Health Team

Catheter procedure new way to treat arrhythmia

Posted January 26, 2010

A catheter treatment is more effective than drug therapy in treating some patients with atrial fibrillation, according to new research.

Atrial fibrillation is a common heart rhythm problem that increases the risk of stroke, heart failure and even death. In a three-year study  of 167 patients who had a form of intermittent atrial fibrillation, one group was treated with anti-arrhythmic drugs, while the others had catheter ablation.

The procedure involves inserting a catheter in a patient's blood vessel and guiding it up to his or her heart. Radio frequency energy is then applied to heat up the tissue near the catheter and destroy muscle tissue where abnormal heartbeats might cause an arrhythmia to start.

"The goal is to destroy the muscle around the pulmonary veins in order to prevent those transmissions of electrical impulses to the rest of the heart," said Dr. David Wilbur, a cardiologist at Loyola University Medical Center, in suburban Chicago.

Catheter procedure used to treat arrhythmia Catheter procedure used to treat arrhythmia

Sixty to 70 percent of the catheter group never had another episode of arrhythmia. The results were so promising that researchers stopped the study early.

"In contrast, patients treated with drug therapy had somewhere between an 80 and 90 percent recurrence of arrhythmias over that time frame," Wilbur said.

Robin Drabant, who has had atrial fibrillation since she was a teen, underwent a catheter ablation two years ago.

"My heart would just start racing, and I would kind of lose my breath, and usually it only lasted for a couple of seconds, but as I got older, they got progressively worse and more frequent," Drabant said, recalling her episodes of arrhythmia.

She said the catheter procedure has changed her life.

"It was the best decision I've ever made because my quality of life is just so much more improved," she said. "I'm a normal 36-year-old and very glad I did it."



    To follow up on GWilson's comment...Duke Drs now put the patients under general anesthesia for afib ablations. May do something different for other types of ablations.

  • gwilson270 Jan 28, 2010

    I had this procedure about 6 years ago at the VA Hosp in Durham by Drs from Duke across the street from the VA. No episodes since and let me tell you it was miserable and frightening before. Everything in life has dangers and may not work for everyone but I sure stand by it and recommend it for anyone who is not afraid to try it. I was awake and watched the procedure on a monitor and listened to the Drs talk while they worked.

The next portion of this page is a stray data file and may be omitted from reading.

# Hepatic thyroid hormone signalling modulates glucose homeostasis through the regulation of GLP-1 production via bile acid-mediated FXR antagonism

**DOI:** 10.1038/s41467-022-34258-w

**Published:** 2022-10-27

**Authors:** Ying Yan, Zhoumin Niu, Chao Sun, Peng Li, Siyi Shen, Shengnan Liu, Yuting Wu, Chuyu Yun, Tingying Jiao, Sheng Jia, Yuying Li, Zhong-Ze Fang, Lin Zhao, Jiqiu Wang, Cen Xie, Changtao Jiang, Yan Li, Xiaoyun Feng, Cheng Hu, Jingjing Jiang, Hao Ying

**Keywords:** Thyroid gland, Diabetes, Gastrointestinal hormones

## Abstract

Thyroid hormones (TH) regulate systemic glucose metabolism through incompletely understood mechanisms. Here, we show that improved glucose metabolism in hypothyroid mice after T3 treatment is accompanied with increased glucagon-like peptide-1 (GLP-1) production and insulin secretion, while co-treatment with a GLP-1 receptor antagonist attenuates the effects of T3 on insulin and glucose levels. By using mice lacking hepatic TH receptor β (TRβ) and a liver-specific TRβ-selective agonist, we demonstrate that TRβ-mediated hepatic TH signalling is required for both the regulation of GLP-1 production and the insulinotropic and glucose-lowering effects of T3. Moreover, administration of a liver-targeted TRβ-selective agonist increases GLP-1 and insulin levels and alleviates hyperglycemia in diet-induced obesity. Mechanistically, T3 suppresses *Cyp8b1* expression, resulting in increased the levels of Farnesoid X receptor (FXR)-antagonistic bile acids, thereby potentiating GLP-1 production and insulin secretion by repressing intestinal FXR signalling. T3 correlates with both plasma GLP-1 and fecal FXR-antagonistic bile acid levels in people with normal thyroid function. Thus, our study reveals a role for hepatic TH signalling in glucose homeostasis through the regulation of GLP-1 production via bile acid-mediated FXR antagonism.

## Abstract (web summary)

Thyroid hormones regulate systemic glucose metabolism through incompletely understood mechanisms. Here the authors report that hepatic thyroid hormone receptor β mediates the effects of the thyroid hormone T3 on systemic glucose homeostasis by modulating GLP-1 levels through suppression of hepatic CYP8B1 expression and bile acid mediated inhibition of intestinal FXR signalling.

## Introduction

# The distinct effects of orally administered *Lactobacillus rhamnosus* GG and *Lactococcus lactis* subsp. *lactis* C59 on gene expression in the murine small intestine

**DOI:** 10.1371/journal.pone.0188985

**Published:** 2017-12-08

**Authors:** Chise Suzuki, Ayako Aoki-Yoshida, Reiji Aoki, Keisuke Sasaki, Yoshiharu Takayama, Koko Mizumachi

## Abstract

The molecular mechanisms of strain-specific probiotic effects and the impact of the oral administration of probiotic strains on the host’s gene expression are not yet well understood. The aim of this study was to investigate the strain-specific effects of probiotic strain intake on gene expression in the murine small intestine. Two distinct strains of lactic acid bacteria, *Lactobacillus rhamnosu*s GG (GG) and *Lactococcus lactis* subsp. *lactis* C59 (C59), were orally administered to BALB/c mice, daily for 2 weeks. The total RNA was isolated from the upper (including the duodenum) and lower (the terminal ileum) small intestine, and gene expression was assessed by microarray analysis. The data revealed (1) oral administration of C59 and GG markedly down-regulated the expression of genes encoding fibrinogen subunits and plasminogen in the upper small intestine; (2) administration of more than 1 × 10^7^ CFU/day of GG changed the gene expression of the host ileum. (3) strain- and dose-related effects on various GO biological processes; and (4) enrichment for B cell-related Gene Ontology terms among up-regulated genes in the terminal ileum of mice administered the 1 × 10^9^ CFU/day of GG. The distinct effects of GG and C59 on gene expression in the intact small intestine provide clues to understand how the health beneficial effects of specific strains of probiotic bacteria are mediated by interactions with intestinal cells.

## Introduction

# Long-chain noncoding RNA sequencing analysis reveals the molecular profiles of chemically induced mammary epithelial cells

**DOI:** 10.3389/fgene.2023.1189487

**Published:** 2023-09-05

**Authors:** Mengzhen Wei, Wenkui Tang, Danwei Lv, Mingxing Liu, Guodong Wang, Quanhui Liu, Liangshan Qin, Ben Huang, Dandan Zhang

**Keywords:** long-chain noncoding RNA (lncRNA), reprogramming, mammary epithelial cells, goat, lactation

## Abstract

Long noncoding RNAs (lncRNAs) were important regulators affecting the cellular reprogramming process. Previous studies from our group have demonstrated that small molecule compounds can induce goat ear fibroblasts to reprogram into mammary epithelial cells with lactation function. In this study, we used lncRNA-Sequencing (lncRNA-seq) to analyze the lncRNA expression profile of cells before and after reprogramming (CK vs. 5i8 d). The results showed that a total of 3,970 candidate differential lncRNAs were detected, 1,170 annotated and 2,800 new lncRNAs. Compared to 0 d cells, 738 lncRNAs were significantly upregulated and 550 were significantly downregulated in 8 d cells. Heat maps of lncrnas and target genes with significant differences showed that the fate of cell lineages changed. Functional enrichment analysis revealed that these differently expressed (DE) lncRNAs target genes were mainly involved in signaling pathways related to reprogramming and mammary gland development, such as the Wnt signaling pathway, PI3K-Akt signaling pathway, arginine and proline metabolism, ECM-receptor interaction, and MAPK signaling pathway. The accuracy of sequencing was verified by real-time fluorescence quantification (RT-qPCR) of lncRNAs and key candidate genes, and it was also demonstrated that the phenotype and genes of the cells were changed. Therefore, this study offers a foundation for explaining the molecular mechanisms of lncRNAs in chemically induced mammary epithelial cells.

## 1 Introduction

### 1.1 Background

• pmck Jan 28, 2010

    Yes - these procedures are done at Duke & UNC on a daily basis with excellent results. Talk with your doctor. Many new treatments are available for treating abnormal heart rhythms.

  • jvalente13 Jan 27, 2010

    Just as in any surgery, there ARE risks. I had this procedure done 15 years ago and have been free of any episodes with a racing heart. However, my brother (who was 53 years old at the time), had the same surgery done approx 8 years ago with disasterous results ~ a series of horrible mistakes which resulted in his death due to severve brain trauma during the actual surgery. Please speak to both your family and doctor before making such a decision ~ you must feel completely comfortable and confident in all aspects. (I later found out that my brother was not feeling confident about his surgery). It is a good surgery which can produce good results, but it is not for everyone.

  • ccb711 Jan 27, 2010

    Why is Duke's atrial fibrillation center not mentioned in the article? They have excellent facilities, latest equipment, and very experienced and knowledgeable Drs (Electrophysiologists).
    Ablations are very safe and effective for 60-70% of patients on the first ablation and 80-95% with second ablations. Rarely is a 3rd ablation required.
    Ablation procedures when I first started afib in 2002 were not recommended, but advancements in the equipment and methodology has improved so much that they are very effective, safe, and the best treatment for afib in most people who have failed drug therapy. I had my second ablation recently and would highly recommend Duke's atrial fibrillation facility and team.

  • danwalter1122 Jan 27, 2010

    Catheter Ablation for Atrial Fibrillation is dangerous and unproven:

  • Grandpeople Jan 27, 2010

    I have this condition and when I ask the Dr. about this procedure, she says it isn't that reliable. I wonder why. These studies seem to be very promising. I am tired of all the medications that I have to take and have since 2006. My worst fear is getting somewhere when I am alone and have it start to race. It makes me feel sick and dizzy. I think I will contact the Dr. in the article. 1967ee I am so sorry to hear about your dad.

  • 1967EE Jan 27, 2010

    I bet this procedure would have saved my daddy's life, but he refused it, saying it was too unsafe. He died from sudden cardiac arrest 4 months ago at the young age of 71. Those who knew him were shocked - the picture of health - and we all thought he'd live to be at least a 100 years old. RIP R.L.B.